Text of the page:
RICHMOND, Va. -- A lawyer representing several Native Americans suing the Washington Redskins over their trademark protection says the group is dropping their case.

In a letter to the clerk of the 4th Circuit Court of Appeals in Richmond, Jesse Witten says there is no need for oral arguments in the case of his clients against the Redskins in regards to the team's trademark protection.

Witten says the group agrees that a ruling by the Supreme Court in the case of an Asian American rock band seeking a trademark for their band name is "controlling" in the case involving the Redskins.

The SCOTUS ruling basically said the U.S. Government cannot, under the 1st Amendment to the Constitution, deny trademark protection over potentially offensive speech.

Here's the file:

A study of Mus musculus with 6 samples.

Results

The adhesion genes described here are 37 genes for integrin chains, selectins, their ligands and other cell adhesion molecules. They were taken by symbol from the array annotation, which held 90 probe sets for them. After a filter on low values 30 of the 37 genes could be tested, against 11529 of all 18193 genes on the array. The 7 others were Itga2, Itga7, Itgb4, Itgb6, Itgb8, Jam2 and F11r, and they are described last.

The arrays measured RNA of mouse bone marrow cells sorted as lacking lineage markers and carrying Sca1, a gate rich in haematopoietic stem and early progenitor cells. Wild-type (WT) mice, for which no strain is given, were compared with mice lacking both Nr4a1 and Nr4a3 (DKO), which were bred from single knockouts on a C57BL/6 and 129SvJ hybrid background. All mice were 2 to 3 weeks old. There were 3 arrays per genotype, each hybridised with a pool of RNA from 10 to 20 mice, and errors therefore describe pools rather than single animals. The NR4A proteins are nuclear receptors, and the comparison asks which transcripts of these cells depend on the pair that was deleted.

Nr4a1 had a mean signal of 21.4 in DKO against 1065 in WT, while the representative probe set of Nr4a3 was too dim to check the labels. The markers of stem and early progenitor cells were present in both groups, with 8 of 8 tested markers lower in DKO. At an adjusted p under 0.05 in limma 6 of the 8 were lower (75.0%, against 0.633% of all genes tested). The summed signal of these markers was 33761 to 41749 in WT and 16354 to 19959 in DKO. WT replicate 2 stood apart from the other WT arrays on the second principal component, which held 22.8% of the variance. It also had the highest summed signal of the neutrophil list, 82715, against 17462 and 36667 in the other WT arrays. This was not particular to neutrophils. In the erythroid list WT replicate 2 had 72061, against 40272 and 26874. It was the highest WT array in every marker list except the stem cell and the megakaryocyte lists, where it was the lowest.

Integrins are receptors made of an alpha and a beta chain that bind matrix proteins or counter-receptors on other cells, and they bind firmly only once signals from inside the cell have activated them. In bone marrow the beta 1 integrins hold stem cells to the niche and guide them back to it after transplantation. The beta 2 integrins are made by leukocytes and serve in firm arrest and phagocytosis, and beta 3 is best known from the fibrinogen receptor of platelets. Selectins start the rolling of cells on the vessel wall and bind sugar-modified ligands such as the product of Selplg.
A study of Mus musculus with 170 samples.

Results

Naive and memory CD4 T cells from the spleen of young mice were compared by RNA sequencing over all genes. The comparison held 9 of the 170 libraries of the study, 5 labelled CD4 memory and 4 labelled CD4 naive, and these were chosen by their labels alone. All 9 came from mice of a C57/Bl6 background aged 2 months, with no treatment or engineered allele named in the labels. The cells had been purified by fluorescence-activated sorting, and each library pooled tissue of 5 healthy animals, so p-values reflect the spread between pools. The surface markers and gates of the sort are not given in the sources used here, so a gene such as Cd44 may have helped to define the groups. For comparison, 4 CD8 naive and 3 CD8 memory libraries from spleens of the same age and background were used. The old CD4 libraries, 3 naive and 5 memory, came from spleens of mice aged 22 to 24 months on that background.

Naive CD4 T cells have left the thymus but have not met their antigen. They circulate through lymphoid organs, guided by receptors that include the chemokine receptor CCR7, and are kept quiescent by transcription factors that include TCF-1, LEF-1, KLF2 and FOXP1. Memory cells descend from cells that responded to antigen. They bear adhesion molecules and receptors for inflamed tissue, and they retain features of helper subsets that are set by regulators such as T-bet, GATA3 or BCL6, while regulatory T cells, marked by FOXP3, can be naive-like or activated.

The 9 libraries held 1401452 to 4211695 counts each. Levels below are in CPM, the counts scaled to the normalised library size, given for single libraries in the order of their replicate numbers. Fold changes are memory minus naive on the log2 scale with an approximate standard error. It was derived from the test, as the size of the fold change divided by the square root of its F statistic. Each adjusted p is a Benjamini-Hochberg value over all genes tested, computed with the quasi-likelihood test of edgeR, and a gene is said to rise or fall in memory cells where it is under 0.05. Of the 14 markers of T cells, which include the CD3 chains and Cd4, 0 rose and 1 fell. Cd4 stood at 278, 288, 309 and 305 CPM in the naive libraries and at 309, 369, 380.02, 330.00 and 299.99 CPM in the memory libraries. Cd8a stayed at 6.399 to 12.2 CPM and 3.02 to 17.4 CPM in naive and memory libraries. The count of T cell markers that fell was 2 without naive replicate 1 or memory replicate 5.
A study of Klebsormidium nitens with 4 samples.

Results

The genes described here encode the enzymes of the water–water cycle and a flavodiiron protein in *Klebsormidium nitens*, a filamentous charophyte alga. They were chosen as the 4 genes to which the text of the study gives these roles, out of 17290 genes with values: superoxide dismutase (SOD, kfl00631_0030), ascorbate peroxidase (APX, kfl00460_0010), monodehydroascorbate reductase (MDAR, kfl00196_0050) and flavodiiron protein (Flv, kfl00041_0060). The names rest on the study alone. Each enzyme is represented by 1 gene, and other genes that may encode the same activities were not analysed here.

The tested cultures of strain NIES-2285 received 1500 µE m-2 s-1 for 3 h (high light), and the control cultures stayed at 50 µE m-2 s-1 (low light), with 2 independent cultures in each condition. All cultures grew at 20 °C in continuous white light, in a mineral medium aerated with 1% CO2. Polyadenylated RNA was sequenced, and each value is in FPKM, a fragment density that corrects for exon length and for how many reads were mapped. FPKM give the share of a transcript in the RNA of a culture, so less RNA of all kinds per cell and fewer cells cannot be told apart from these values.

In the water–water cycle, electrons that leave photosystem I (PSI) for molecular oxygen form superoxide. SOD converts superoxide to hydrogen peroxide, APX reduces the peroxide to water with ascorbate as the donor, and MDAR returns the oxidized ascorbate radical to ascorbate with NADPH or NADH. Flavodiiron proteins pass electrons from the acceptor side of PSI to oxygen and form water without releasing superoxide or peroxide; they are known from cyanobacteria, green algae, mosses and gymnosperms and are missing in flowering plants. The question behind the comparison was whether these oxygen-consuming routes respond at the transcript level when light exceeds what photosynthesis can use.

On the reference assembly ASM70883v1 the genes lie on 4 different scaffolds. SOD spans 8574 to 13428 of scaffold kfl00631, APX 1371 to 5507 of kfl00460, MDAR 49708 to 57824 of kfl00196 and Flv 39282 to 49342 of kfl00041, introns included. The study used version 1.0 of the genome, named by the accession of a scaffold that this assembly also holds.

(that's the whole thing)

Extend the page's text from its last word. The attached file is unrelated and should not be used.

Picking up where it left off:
The U.S. Justice Department also sent a letter to the 4th Circuit asking the court to end the case against the Redskins in light of the SCOTUS decision which would take precedent.

The letter read, in part: “The Supreme Court’s decision in Matal v. Tam…controls the disposition of this case.  Consistent with Tam, the court should reverse the judgment of the district court and remand the case with instructions to enter judgment in favor of Pro-Football”.

The Redskins now wait for the Circuit to issue an order restoring their trademark protection permanently, which is considered a formality. The team has retained the protection as they have appealed previous court rulings.

CBS 6 has reached out to the Redskins for reaction on today's events but have not yet heard from the team.